VR developer Owlchemy Labs (who made Job Simulator and Rick and Morty: Virtual Rick-ality) shared their thoughts on various VR topics, such as the “language of VR” and their opinion regarding VR exclusivity. Check out the article here. Here’s a brief look at the article itself.
According to them, they didn’t want to use a 2D menu to exit a game, and so birth the “exit burrito”, a verbs exist in the highly interactive world of Job Simulator and Rick and Morty: Virtual Rick-ality.
And that’s when we came up with the exit burrito, which is kind of a tongue-in-cheek joke that you could use physical interactions like eating that we already had in the game and apply it to a choice-based selection, like a restaurant’s menu. So it’s like ‘Let’s make the menu a selection of food that you could eat to pick various options.’
They also commented that the “early days of VR as analogous to where developers were in the beginning with touchscreen controls (many threw virtual buttons onto the screen), but eventually new control paradigms and gestures evolved, like the drag and release in Angry Birds or pinch zooming in a strategy title map.”
In other words, using the unique motion control and make input as intuitive and simple, by equate the action to a real life type of maneuver. They cite Cloudhead with The Gallery as an example, where you reach over your shoulder to get the backpack to access the inventory. In this way, a non-gamer who will have struggle with the controller inputs will be able to enjoy the game rather easily.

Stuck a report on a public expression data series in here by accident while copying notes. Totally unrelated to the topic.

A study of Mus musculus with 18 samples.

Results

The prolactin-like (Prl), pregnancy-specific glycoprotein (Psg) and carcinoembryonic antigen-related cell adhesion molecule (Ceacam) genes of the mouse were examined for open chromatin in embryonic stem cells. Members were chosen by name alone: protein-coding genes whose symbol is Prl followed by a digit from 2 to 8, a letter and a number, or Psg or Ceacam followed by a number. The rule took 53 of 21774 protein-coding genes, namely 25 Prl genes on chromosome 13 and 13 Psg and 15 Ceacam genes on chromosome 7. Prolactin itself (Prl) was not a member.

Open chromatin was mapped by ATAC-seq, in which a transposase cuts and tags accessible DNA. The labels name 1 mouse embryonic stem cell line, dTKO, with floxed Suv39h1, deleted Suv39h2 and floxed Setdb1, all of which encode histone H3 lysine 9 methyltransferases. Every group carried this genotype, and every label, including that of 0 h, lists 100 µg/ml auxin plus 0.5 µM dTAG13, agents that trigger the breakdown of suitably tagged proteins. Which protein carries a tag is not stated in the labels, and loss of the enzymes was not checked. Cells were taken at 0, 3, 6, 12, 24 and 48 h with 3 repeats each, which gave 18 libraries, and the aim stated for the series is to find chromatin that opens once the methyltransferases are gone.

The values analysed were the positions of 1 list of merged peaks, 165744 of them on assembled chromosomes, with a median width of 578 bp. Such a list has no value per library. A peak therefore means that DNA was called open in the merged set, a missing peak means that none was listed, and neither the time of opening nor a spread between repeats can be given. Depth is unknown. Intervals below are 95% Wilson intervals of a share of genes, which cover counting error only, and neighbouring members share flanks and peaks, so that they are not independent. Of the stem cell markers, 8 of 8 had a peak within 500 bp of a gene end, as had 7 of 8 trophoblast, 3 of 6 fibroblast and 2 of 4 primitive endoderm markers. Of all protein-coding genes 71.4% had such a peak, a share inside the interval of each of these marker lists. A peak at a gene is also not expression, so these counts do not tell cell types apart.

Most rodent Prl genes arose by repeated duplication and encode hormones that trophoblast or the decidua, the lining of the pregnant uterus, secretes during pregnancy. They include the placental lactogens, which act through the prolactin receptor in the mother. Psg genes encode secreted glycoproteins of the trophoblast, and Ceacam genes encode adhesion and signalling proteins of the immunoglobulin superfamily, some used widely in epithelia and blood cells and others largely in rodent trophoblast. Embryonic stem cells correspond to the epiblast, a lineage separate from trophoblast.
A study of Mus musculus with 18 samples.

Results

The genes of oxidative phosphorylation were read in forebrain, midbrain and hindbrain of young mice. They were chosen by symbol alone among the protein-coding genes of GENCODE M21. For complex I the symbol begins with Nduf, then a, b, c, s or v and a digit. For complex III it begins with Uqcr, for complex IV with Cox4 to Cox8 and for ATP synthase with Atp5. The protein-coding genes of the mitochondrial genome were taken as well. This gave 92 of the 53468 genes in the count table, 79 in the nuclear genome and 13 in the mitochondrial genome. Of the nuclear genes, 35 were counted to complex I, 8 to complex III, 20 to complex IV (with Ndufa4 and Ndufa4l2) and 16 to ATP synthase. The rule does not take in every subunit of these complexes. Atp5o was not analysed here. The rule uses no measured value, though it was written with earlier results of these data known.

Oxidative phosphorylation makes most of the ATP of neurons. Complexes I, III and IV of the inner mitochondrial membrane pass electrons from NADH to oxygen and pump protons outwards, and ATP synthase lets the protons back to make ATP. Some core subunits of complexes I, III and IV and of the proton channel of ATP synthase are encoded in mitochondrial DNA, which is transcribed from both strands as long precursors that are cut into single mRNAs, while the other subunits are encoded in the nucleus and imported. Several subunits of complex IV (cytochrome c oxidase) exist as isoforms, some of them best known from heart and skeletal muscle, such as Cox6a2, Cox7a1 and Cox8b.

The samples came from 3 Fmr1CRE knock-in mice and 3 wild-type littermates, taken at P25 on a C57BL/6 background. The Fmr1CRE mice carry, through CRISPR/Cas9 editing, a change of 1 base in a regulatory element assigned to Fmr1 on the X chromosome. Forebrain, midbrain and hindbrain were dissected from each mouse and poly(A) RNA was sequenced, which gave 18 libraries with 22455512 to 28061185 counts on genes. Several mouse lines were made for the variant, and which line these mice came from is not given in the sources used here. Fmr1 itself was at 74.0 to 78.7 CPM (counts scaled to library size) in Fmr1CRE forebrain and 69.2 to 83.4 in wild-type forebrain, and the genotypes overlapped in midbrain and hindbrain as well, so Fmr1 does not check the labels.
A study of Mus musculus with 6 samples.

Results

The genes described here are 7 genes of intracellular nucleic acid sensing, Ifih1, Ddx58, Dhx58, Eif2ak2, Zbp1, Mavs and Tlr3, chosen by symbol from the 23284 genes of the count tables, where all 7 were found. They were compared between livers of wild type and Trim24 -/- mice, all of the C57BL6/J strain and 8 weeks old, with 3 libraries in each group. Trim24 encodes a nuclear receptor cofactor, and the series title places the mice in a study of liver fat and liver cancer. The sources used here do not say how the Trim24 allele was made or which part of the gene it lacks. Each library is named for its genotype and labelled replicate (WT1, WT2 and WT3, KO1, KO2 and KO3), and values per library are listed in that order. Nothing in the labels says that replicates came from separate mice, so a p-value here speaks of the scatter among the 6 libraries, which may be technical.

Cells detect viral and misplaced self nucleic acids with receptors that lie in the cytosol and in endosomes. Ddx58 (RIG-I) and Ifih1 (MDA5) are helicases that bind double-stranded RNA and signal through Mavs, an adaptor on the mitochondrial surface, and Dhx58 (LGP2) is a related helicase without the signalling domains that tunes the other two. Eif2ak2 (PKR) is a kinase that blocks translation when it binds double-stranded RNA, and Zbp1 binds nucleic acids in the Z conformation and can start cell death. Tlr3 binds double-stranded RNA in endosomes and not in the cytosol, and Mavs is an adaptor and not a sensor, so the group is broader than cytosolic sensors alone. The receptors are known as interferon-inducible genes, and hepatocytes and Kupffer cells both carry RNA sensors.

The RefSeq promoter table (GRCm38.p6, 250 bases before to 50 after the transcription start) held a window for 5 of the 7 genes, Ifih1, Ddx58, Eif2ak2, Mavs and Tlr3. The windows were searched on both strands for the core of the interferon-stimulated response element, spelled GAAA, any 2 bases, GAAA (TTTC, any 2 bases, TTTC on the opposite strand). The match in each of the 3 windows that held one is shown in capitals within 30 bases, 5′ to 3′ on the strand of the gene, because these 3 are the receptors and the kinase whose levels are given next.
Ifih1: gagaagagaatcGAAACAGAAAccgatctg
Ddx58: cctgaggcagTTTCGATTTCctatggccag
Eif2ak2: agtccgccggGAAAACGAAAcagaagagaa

On the topic of VR exclusivity, they states that they adopt the agnostic platform approach, releasing their titles on multiple platforms for multiple revenue streams. According to them, this has allow them to stay afloat financially.
“What that ended up doing for us was it balanced out the risk of having all your eggs in one basket. If we did a sale here and we did a Humble Bundle here and then we did a discount on Blackberry platforms, our revenue graph ended up being much, much smoother because we combined all the peaks and valleys.”
Exclusivity isn’t totally bad however, but should be taken as a last resort. According to them, accepting fund in exchange for exclusivity if your studio is on verge of closing is justified.
“[VR’s] a tough place to be… We’re in a smaller market. If you have two choices, either going out of business or taking a platform exclusive deal, I see why people do it. If you’re in a position, though, to not have to do it, and you can somehow make it work by not doing it, it seems like it’s only advantageous to the future of VR and to the future of your company to be platform agnostic like we are,” he says.